Date(s) - Wed 9 December
7:30 pm - 9:00 pm
The Old Malt House
The Psychedelic Society of Bristol is proud to facilitate an evening’s presentation of three talks by authors Robert Dickins, Rev. Danny Nemu and Peter Sjöstedt-H of the Psychedelic Press UK, encompassing an exploration of the role of psychedelic drugs in history, philosophy and poetry.
Nietzsche – Drugs and Dionysus
The philosopher Friedrich Nietzsche is known as a the most ferocious of atheists, the man who declared that “God is dead”. Yet, underlying this modern mask lies a type of anti-clerical spirituality catalysed by a profound use of psychoactive drugs.
Peter Sjöstedt-H will introduce the world‘s ultimate antichrist and reveal the drugs that inspired his Dionysian faith.
Bio: Peter Sjöstedt-H had been a philosophy lecturer in London for a number of years before he started his current PhD in the Philosophy of Mind. His papers, presentations and public courses chiefly consider the themes of consciousness, psychedelic phenomenology, and nihilism. He has authored ‘Noumenautics: Metaphysics – Meta-ethics – Psychedelics’, and he is the inspiration behind the new philosopher Marvel Superhero, Karnak.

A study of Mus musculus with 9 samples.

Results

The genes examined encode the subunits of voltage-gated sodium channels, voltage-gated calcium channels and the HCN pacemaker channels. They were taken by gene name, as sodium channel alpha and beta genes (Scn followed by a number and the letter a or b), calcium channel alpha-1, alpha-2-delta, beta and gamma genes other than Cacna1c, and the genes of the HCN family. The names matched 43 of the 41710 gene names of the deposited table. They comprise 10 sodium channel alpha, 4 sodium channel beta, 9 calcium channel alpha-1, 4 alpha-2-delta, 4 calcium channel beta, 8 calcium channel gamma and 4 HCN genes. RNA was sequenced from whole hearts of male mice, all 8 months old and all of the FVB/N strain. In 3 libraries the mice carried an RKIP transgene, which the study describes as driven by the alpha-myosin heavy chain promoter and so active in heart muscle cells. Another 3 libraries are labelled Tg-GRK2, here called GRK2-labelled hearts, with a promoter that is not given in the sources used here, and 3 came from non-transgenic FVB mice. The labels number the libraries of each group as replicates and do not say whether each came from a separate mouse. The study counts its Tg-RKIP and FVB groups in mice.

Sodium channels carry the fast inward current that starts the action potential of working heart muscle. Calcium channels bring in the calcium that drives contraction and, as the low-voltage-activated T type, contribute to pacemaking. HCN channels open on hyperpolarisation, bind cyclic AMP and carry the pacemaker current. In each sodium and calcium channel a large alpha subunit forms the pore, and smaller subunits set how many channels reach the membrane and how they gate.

The LSD Poetics of a Psychedelic Society
There was a time in the early Sixties when psychedelic society was not a hope or a dream, but rather a reality. Poets of the time looked back to the ancient world to imagine what the power of LSD was, and they used the drug to great effect to critique the modern world with its nuclear pretensions and weaponised psychedelia. This talk picks out some of these lessons and how they can positively inform the psychedelic movement, or indeed, society in general today.
Bio: Robert Dickins is the Editorial Director of the Psychedelic Press. A published author, writer, and poet, Robert’s research centres around the role of psychedelics in literature. His postgraduate research, in the medical humanities and undertaken with the University of Exeter, examined how certain LSD-using psychiatric approaches in the 1950s and 1960s gave rise to certain forms in literature.
Drugs in the Bible
“Thy plants are an orchard of pomegranates, with pleasant fruits; camphire, with spikenard, Spikenard and saffron; cane and cinnamon, with all trees of frankincense; myrrh and agarwood, with all the chief spices”: Not only are nearly all of the plants listed here in the Song of Songs psychoactive on their own, but the combination of some of them into the anointing oil reveals that the ancient Hebrews were very adept at working with synergies to trigger incredibly powerful mind-blowing experiences.
Bio: Danny’s background is in the history and philosophy of medicine. He first encountered the Santo Daime ayahuasca tradition in Japan, and followed the trail back to the Brazilian Amazon to study it as a medicine at its roots. The sandfly that gave him the bacterial parasite leishmaniasis helped this endeavour along a great deal. The dietas took eight months, 10 kilos, one wife and a pair of rose-tinted spectacles, and left him with a deep respect for the complexity and intelligence of the natural world.